The Cactus Wren & Other Poems
Including Haiku and a Sonnet
The cactus wren is a much quieter and more furtive bird than the ubiquitous house wren. They are delightful to have living so close to us and carrying on their own lives.
The Cactus Wren
Oh tiny one,
You carry all the gravity,
Of being a parent;
You carry the love
Of a million million forebears
In your heart,
And their cares
Flutter upon your wings.
We share a roof now,
You and I,
Where you have built your home
Hardly visible high under the eaves
To shelter your brood
From the wind and the rain
(If rain should come);
You slip like a dart
In and out the entrance
Whence your fledglings will find
Their first glimpse of the December sun
Upon their first feathers.
We share the sun,
You and I.
The ivory moon
all along its edges melts
into the high clouds
a sky full of stars
some are falling
Sonnet From a Cold Night
The night is chill and gray. The stars are faint
Behind a thin white haze that mutes their glow
Yet masquerades as light. And far below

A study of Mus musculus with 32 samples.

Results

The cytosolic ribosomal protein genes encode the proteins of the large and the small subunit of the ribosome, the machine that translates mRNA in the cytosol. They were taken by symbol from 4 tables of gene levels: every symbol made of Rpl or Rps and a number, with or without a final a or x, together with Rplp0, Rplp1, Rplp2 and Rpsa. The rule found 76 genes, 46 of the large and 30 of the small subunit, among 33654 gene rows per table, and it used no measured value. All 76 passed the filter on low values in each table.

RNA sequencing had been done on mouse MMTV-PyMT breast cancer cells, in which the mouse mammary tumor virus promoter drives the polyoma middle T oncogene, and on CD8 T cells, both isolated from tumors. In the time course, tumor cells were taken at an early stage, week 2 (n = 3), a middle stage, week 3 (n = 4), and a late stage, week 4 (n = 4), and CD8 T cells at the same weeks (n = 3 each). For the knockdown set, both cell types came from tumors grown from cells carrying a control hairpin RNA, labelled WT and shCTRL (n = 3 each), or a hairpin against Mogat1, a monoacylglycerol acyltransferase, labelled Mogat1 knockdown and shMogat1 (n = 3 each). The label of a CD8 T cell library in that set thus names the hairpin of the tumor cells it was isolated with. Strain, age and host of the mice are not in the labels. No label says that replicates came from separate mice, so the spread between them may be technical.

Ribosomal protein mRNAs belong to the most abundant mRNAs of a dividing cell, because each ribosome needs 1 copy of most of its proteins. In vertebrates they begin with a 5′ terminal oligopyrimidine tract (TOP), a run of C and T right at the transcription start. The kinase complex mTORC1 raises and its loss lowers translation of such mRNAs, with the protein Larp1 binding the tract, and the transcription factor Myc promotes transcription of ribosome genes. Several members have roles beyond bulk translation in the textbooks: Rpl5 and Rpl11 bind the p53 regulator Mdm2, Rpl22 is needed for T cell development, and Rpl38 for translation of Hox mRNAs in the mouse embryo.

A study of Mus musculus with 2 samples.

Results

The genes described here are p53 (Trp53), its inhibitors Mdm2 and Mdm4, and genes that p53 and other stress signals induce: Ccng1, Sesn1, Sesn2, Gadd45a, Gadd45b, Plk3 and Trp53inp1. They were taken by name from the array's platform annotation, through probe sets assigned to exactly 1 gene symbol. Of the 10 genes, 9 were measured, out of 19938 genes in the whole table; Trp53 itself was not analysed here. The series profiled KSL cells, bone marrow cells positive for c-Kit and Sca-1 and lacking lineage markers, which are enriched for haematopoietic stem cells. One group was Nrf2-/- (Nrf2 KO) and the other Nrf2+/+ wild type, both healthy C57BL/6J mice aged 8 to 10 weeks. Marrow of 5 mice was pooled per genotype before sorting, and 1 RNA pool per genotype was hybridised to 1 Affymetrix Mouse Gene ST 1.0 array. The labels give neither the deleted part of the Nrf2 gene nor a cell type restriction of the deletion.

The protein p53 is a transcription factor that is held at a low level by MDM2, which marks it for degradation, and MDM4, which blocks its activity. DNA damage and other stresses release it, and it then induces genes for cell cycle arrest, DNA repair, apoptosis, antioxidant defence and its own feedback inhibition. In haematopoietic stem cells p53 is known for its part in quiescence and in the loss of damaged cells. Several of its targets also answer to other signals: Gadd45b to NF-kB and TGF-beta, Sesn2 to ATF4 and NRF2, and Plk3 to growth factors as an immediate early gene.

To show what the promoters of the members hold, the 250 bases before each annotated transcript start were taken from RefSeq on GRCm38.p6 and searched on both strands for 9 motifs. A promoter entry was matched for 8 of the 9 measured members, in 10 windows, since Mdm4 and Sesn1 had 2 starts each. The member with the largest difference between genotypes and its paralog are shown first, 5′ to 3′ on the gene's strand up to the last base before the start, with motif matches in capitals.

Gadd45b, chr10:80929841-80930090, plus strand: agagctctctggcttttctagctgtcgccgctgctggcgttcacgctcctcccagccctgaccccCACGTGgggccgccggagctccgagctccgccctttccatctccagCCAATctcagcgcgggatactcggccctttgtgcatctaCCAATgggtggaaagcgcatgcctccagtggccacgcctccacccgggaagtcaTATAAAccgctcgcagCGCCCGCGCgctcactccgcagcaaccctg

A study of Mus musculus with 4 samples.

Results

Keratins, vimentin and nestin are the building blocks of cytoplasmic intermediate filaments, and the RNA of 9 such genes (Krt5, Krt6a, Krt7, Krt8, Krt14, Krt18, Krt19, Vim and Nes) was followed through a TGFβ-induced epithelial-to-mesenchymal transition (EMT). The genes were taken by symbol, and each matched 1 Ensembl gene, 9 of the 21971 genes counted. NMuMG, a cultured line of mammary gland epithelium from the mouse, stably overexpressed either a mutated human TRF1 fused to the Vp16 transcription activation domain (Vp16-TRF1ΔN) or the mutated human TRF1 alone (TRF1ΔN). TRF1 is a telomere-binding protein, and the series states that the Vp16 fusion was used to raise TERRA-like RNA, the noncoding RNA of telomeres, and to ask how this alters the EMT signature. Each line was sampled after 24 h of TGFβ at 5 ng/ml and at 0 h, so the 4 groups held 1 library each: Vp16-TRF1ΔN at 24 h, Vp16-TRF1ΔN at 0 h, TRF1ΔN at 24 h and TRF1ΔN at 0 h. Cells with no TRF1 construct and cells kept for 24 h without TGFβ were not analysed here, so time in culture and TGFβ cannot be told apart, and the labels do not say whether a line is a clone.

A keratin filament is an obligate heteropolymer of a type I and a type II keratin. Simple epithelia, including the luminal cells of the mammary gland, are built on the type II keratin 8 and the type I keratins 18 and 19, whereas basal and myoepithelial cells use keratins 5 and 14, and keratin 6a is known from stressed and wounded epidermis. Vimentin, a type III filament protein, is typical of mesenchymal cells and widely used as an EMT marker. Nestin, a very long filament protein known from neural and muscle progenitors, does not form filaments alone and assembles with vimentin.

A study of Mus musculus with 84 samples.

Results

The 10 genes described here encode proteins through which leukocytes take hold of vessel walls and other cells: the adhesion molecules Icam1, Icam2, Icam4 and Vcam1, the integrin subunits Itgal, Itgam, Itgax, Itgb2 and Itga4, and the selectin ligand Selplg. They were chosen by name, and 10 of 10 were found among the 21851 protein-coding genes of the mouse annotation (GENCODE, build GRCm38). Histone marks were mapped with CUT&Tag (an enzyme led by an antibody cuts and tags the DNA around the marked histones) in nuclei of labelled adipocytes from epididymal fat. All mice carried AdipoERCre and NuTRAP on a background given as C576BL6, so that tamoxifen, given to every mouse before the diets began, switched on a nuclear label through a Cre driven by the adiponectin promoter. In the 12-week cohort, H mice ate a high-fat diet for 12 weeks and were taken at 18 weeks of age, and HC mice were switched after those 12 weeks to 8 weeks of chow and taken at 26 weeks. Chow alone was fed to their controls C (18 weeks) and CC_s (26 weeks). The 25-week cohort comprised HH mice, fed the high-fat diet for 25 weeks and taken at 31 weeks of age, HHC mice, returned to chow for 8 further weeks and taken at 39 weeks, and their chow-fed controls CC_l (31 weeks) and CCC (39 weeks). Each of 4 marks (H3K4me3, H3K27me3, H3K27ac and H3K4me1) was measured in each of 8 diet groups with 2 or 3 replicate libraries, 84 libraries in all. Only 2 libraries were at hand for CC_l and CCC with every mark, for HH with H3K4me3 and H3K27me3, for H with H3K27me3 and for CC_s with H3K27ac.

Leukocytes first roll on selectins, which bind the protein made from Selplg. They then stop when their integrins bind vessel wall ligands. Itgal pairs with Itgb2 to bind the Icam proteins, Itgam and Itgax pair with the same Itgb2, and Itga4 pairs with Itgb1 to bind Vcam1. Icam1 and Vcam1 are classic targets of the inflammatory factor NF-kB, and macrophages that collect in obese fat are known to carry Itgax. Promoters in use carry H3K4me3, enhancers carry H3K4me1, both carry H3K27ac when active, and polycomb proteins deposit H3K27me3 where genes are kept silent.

The air is frosted in a sullen plaint.
I feel the frost upon my face, restraint
Of pain that grips my mouth into a slow
Stiff sorrow, sets my brow into a woe
Of wind and silence, wrinkled with their taint.
And round my knees the tumbleweed is gray
As is the night, a pale and prickled ghost
Where I stand listening; until away
Among the brush a quiet noise, small host
Of tiptoed rabbit feet; and sudden, they
Make warm the nighttime when the dark is most.
If you love old poetry as well as new, please check out my other newsletter, with its themed posts of art and poetry. The most recent is entitled “December Botanicals” and features works by van Gogh, Rupert Brooke, John Clare, Olga Wisinger-Florian, John Singer Sargent, and others.